The new improved wireless standard arrives next year offering twice the speed and quadruple the range

The Bluetooth Special Interest Group (SIG) has officially adopted Bluetooth 5, a new version of the wireless standard we all use in many of our internet-connected gadgets. This includes big improvements to its fundamental performance: Bluetooth 5 promises twice the speed, four times the range, and capacity for eight times the amount of data that can be sent in a broadcast message, all while using less power.

The organisation says that Bluetooth 5 will start appearing in devices in the next two to six months, that’s to say just in time for the next wave of smartphone releases. But it’s the connected home that will really benefit from the new wireless standard. According to the SIG’s official release, “Bluetooth continues to embrace technological advancements and push the unlimited potential of the IoT [short for ‘Internet of Things’].” In particular, the increased range of Bluetooth 5 means it will now cover your entire house – ideal for when you want to turn off the smart light bulbs that you left on in your bedroom when you’re downstairs.

Increased range plus a commitment to Bluetooth ‘coexisting’ with other wireless technologies, principally Wi-Fi and LTE (also known as 4G) means that it will have ‘new use cases for outdoors.’ As well as spreading your smart home to your garden to remote control your sprinklers, this could also have implications for flying your drones. But we will have to wait and see how the technology evolves.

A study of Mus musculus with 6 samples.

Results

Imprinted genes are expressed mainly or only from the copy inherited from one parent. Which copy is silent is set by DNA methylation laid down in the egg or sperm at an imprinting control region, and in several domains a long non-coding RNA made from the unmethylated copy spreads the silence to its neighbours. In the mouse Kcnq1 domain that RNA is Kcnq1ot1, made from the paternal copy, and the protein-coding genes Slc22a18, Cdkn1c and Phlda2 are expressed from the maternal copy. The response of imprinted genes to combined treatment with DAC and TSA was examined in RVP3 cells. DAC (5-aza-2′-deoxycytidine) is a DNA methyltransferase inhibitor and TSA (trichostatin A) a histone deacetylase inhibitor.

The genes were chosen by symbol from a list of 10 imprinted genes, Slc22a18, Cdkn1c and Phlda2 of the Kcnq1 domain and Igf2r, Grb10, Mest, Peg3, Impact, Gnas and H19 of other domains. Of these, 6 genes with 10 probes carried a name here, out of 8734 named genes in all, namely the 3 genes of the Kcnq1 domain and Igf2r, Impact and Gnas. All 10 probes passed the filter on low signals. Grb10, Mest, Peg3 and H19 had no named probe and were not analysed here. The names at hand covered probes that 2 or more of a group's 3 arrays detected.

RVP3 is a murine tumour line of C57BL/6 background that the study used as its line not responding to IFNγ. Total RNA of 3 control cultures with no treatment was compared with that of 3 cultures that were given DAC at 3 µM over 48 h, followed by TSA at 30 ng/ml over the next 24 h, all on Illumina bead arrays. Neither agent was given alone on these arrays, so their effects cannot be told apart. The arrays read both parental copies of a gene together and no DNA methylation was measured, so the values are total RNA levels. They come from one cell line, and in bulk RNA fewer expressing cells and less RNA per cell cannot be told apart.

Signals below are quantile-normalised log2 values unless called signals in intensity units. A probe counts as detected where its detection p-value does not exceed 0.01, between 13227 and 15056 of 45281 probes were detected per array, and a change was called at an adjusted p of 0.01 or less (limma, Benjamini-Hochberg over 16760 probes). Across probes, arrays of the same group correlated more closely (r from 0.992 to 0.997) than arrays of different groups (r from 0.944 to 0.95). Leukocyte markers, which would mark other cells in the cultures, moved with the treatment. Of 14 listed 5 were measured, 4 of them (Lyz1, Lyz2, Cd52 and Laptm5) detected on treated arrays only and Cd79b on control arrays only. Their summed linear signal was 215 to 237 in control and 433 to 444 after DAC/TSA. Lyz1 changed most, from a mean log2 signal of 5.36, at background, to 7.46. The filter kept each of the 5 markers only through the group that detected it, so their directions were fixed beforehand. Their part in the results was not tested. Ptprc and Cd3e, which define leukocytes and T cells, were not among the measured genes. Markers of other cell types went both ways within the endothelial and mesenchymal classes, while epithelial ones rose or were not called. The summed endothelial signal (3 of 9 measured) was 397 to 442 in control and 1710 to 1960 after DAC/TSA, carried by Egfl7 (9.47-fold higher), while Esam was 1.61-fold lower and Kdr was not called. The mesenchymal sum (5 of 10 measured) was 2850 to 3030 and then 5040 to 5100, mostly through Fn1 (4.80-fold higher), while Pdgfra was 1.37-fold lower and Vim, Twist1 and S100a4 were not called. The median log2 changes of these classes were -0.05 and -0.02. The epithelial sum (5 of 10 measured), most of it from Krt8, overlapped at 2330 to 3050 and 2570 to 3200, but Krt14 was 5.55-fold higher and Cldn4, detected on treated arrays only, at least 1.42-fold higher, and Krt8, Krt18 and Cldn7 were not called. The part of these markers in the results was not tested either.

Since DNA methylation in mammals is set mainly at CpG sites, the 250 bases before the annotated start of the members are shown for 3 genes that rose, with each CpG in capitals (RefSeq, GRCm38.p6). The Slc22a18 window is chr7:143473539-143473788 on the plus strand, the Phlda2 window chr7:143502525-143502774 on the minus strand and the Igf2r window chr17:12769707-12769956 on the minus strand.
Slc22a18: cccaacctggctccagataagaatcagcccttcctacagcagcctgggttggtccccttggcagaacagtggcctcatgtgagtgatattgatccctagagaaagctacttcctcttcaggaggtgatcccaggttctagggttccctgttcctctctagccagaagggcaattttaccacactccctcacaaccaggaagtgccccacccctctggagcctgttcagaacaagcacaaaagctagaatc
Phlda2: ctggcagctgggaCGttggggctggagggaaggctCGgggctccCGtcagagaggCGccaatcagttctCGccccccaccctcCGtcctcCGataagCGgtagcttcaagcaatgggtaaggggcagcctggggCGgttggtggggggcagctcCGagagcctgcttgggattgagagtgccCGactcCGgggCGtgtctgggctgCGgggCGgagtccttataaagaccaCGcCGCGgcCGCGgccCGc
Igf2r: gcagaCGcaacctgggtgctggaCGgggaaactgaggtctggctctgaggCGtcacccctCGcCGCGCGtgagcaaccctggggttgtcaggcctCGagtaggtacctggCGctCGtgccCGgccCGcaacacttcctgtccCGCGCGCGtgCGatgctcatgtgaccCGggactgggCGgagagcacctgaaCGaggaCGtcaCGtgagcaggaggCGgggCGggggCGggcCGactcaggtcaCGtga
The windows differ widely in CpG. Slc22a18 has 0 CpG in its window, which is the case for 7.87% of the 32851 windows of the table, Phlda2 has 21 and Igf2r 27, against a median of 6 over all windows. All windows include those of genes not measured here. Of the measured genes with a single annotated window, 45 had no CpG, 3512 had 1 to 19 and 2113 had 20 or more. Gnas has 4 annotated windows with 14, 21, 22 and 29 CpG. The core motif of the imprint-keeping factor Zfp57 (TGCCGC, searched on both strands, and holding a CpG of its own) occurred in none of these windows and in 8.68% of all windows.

Despite Apple jacking in the headphone jack on the iPhone 7 (and many Android phone makers doing the same thing), Bluetooth 5 doesn’t include any improvements to wireless audio quality. That’s because Bluetooth 5 is an improvement on today’s Bluetooth LE, a low energy version that shouldn’t suck your phone’s battery dry. Meanwhile Bluetooth audio uses, you’ve guessed it, a high-energy version. Music lovers will have to wait until 2018 for the organisation to deal with issues like how long it takes for music to start to play, reduced sound quality due file compression and, of course, the aforementioned power drain.